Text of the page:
University of Delaware students will be part of a NASA experiment during the total solar eclipse

The team will send weather balloons tens of thousands of meters into the atmosphere for experiments on gravity waves and the building blocks of the universe.


The University of Delaware team ran solar eclipse tests in Texas last October. (Beatrix Nowak)

What you need to know

In 2017, Edmund Nowak, a physics professor at the University of Delaware, drove to South Carolina to see the total solar eclipse. He had a great experience with thousands of other people all camped out for the minutes when the moon completely covered the sun.

“The whole crowd is going ‘ooh’ … and then suddenly it becomes really quiet as everybody just lets that eclipse moment, that totality moment … soak in.”

Aside from the spectacle of the eclipse itself, he was also struck by a team of students working frantically to inflate and launch weather balloons with scientific instruments.

“It’s like the Super Bowl, right? There’s lots of preparation and then the day of the event is there and you got to have that team in place and everybody working together. So I thought, ‘Wow, this would be great to bring back to to our campus.'”


It was not hard to find interested students to join the expedition, like Jarrod Bieber, a sophomore studying physics and astrophysics.

“I would have probably joined any project that gave me the opportunity to actually travel to the line of totality … for this April eclipse,” Bieber said.

The research team will launch balloons with instruments to study gravity waves in the atmosphere, which affect the weather but have been difficult for weather forecasters to pin down. They will also measure the levels of muons, tiny particles that come from cosmic rays and are part of the building blocks of the universe.

Unlike some of the other research teams, the group at the University of Delaware built their own instruments to detect muons, which was a new experience for students like Millie Dill, a junior studying physics and astrophysics.

“Having built a detector that is actually … detecting these muons, these particles that I’m learning about in class, it’s amazing,” she said. “It’s nice to see that it’s practical: You can see it; you can measure it.”

Last October, they did a test run at the site in Junction Texas where they plan to be during the total solar eclipse. They took advantage of an annular eclipse, where the moon covered part but not all of the sun, to streamline their procedures and make sure their equipment worked.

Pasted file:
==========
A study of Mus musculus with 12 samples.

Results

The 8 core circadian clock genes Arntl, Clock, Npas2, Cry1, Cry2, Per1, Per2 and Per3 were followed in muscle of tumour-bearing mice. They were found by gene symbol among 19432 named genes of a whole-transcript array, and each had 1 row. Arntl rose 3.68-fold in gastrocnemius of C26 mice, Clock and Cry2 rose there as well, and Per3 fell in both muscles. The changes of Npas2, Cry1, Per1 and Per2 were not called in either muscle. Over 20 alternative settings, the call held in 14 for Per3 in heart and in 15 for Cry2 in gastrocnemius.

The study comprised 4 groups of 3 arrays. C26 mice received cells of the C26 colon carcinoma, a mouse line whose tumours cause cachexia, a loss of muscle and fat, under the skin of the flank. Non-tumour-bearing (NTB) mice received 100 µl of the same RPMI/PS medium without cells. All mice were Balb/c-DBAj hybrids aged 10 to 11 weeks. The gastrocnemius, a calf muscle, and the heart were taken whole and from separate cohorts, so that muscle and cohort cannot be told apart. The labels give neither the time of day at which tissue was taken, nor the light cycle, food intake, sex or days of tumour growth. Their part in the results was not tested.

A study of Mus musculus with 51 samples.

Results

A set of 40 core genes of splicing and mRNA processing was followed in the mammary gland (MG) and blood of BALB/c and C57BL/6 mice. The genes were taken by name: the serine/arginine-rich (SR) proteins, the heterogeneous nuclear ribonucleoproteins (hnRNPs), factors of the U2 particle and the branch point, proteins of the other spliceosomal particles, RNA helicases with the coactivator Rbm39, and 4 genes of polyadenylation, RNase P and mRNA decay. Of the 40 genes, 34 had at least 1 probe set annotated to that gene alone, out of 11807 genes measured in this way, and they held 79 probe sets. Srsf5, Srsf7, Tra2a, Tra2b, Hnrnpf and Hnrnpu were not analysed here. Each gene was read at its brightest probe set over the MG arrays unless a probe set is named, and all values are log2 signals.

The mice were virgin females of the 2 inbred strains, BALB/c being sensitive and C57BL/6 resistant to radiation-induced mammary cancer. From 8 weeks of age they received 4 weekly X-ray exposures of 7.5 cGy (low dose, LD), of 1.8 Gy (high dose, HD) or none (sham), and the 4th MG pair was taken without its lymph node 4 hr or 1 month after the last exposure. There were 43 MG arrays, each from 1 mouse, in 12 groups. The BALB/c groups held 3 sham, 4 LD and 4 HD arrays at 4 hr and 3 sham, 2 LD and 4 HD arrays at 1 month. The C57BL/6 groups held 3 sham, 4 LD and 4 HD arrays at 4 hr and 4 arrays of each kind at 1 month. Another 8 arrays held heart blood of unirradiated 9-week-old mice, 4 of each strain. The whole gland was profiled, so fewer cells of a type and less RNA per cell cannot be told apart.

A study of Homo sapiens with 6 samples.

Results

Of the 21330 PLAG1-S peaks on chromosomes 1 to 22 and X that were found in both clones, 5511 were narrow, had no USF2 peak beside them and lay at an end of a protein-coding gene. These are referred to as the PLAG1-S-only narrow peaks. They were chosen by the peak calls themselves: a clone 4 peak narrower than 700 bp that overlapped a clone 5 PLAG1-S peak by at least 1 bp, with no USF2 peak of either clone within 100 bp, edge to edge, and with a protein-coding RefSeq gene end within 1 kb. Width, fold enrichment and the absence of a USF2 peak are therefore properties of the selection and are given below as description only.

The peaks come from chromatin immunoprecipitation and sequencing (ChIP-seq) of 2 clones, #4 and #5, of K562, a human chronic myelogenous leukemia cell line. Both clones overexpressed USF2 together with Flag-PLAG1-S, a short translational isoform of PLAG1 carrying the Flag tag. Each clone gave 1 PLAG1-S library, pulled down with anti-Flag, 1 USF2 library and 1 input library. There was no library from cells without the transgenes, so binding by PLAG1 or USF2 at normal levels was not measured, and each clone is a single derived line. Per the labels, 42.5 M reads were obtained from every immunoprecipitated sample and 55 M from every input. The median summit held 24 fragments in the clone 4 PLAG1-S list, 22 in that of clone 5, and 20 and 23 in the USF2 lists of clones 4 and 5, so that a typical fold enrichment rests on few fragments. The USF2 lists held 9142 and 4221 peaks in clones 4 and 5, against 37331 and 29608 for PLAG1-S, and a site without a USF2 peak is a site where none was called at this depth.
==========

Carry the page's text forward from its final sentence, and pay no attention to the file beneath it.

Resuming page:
The University of Delaware team
The University of Delaware team ran solar eclipse tests in Texas last October. (Beatrix Nowak)

Dill said it was rare to get to see the night sky with almost no light pollution, but it was also a stressful environment to be in.


Nowak, the physics professor, said they ran into a few problems.

“The one thing we didn’t anticipate was just how windy it could be,” he said. “When you have a balloon that’s on the order of, I don’t know, eight feet in diameter, it’s a big sail.”

A group of students struggled to hold the balloon in place so it would not fly away. They also had some problems with the radio system on their balloons, so they could not live stream data to their computers as they had hoped.

annular solar eclipse
An annular solar eclipse observed by the University of Delaware team in Texas last October. (Jarrod Bieber)

But they worked through the issues and overall, the launch in Texas was a success. They are running some final tests to prepare and ship all their equipment by the first week of April.

Jarrod Bieber said now that his team has tested all the equipment they are responsible for, he is just waiting for the big day.

“I’m ready for this eclipse. This is basically going to be like a vacation for me.”

He said he’s been encouraging everyone to go to the path of totality if possible, because the next total solar eclipse to be visible from the U.S. will be in 2044.

“It’s kind of like … if you’re flying an airplane, if you’re seeing only … a part of an eclipse, like … 99% of the total solar eclipse, that’s like experiencing 99% of a takeoff.”